Verizon Wireless filed a fists-swinging 299-page document with the Federal Communications Commission March 2, describing its spectrum-purchasing deals with SpectrumCo and Cox TMI Wireless as foremost “squarely in line with Administration and Commission policy,” in the best interests of the public, and presenting “no countervailing harms.”
The document has already prompted critics of the deal to file a response with the FCC.
Following criticism of Verizon’s deals from a number of the carrier’s competitors, as well as public interest groups, the Verizon document also describes how allotting the spectrum to Verizon will not reduce market competition and what the role of the FCC is in such matters anyway, particularly with the U.S. Department of Justice already involved.
“Declarations” by Suzanne Fenwick, executive director for corporate development for Cox Communications; Robert Pick, CEO of SpectrumCo (the joint venture between Time Warner, Comcast and Bright House Networks); and William H. Stone, executive director of network strategy for Verizon, are included, along with arguments from experts David E. Borth, an independent consultant and former Motorola engineer, and economist Michael Katz.
The version of the document posted to the FCC Website has great sections of missing text, and chunks of “highly confidential” text have been deleted. Stone, in particular, apparently had lots of juicy details to disclose.
While the whole thing seems to echo AT&T’s nine-month process of trying to convince the FCC to let it buy T-Mobile, Verizon works to undo such comparisons, suggesting that while the AT&T deal would have shifted the spectrum holdings of the top-four U.S. carriersand so competition within the marketthe Verizon deal won’t touch what’s already in place; it will just bring in currently unused spectrum.
“The focus of the trigger should be on the total amount of spectrum available to other competitors, not how much an individual carrier holds in any given market,” states Verizon. “It is well-established that providers may have significantly different spectrum needs while competing successfully, as the Commission has found that ‘many carriers are competing successfully with far lower amounts of bandwidth today.'”
More spectrum is what every carrier is grabbing for these days; it’s critical to keep pace with increasing numbers of smartphone and tablet users, not to mention data cards and small armies of machine-to-machine (M2M) deployments. T-Mobile, according to the Associated Press, has told the FCC that the Verizon deal will give T-Mobile an “excessive concentration” of spectrum.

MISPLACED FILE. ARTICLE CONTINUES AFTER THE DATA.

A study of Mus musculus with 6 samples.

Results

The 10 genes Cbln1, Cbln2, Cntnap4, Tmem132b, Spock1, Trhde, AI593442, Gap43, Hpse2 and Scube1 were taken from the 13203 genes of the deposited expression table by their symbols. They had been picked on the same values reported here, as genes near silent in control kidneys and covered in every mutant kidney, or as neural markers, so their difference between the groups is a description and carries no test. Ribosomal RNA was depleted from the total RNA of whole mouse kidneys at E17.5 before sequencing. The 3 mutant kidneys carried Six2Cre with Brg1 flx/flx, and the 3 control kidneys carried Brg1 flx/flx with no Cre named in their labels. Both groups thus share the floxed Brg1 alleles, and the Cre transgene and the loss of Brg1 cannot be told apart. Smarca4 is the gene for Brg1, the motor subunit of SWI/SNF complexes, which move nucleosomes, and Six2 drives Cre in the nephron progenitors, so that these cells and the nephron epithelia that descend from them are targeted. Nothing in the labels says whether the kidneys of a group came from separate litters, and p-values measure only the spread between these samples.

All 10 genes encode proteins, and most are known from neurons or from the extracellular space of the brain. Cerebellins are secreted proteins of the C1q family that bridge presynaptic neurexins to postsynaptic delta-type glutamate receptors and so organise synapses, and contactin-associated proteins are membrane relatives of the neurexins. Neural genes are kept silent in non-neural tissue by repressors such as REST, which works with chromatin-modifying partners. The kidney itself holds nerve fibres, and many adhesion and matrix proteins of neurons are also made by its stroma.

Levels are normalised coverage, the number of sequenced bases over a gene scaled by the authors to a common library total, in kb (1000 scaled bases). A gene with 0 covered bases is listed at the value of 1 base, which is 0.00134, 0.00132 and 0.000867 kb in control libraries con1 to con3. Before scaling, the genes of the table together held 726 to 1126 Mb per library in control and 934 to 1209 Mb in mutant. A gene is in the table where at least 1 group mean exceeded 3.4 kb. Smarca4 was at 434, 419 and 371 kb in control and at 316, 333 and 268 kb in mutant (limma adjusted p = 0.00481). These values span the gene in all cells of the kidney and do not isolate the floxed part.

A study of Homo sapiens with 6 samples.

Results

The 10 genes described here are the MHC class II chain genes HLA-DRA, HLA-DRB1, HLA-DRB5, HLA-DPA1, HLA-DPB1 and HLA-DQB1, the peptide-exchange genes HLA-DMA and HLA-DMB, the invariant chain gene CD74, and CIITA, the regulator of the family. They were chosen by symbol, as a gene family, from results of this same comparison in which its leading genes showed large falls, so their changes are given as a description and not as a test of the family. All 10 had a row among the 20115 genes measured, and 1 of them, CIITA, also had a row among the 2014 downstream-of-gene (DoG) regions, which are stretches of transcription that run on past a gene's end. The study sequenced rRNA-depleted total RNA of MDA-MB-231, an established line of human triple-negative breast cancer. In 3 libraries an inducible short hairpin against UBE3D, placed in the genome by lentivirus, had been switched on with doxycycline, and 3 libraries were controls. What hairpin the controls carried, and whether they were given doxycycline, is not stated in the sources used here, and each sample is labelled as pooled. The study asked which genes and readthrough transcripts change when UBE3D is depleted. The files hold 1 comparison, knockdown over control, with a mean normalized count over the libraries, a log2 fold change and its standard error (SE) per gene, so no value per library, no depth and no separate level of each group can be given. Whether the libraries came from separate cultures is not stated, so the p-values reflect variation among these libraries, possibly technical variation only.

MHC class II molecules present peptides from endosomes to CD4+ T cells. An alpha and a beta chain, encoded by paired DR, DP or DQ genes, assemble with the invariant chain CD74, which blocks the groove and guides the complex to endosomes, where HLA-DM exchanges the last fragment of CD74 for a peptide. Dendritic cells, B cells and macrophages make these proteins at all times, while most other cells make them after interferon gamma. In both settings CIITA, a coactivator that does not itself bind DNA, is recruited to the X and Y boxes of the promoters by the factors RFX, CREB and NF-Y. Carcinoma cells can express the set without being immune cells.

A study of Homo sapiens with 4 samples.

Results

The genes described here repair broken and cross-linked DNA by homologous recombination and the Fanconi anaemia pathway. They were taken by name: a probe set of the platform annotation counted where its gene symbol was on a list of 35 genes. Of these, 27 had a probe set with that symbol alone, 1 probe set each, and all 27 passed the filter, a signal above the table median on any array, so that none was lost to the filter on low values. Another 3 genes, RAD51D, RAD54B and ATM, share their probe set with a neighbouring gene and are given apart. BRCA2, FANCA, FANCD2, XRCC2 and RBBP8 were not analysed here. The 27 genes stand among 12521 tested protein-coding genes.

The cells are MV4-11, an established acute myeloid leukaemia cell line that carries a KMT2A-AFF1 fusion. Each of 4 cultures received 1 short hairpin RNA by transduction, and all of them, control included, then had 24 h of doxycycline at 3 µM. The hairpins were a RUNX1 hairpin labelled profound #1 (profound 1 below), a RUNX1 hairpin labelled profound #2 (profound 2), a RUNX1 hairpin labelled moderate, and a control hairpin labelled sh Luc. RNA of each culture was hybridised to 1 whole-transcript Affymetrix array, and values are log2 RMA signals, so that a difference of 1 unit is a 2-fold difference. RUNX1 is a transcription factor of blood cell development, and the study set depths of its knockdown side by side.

The Rural Telecommunications Group (RTG) has also criticized the opaque manner in which Verizon is going about things, while others, including Sen. Al Franken (D-Minn.), have worried that somealso opaquemarketing details in the agreement will turn competitors into allies, resulting in higher prices and fewer choices for consumers.
Verizon argues all these points, suggesting sour grapes on the part of T-Mobile and downplaying the marketing deals.
“The industry is replete with joint marketing agreements and other joint ventures,” Verizon writes. It adds that the FCC “did not review joint marketing agreements and other business arrangements closely akin to those at issue,” and offers the example of the 2005 creation of Pivotal Wireless by Sprint Nextel, Comcast, Time Warner, Cox and Advance/Newhouse.
Hints at the still-vague marketing agreements continue to unnerve Verizon competitors. On March 6, T-Mobile, Sprint, DirecTV, the Rural Telecommunications Group and other parties filed a group letter with the FCC, asking it to stop the 180-day “shot clock” on the Verizon proceedings.
The deal, they say, only “nominally” involves a spectrum transaction; more problematic are plans that “provide the parties to those agreements with the ability to act as agents selling one another’s services.”
Due to the redacted portions of text in the Verizon document, says the March 6 letter, “neither the Commission nor interested parties can evaluate the transactions fully…”
As a matter of policy, the letter continues, “the Commission cannot allow the Applicants to deny production of evidence for the record without which interested parties would be unable to submit the type of fully informed analyses necessary to help inform the Commissions consideration of the public interest.”
Once such information is made clear, it continues, “all concerned will be free to turn their attention to other issues in this proceeding.”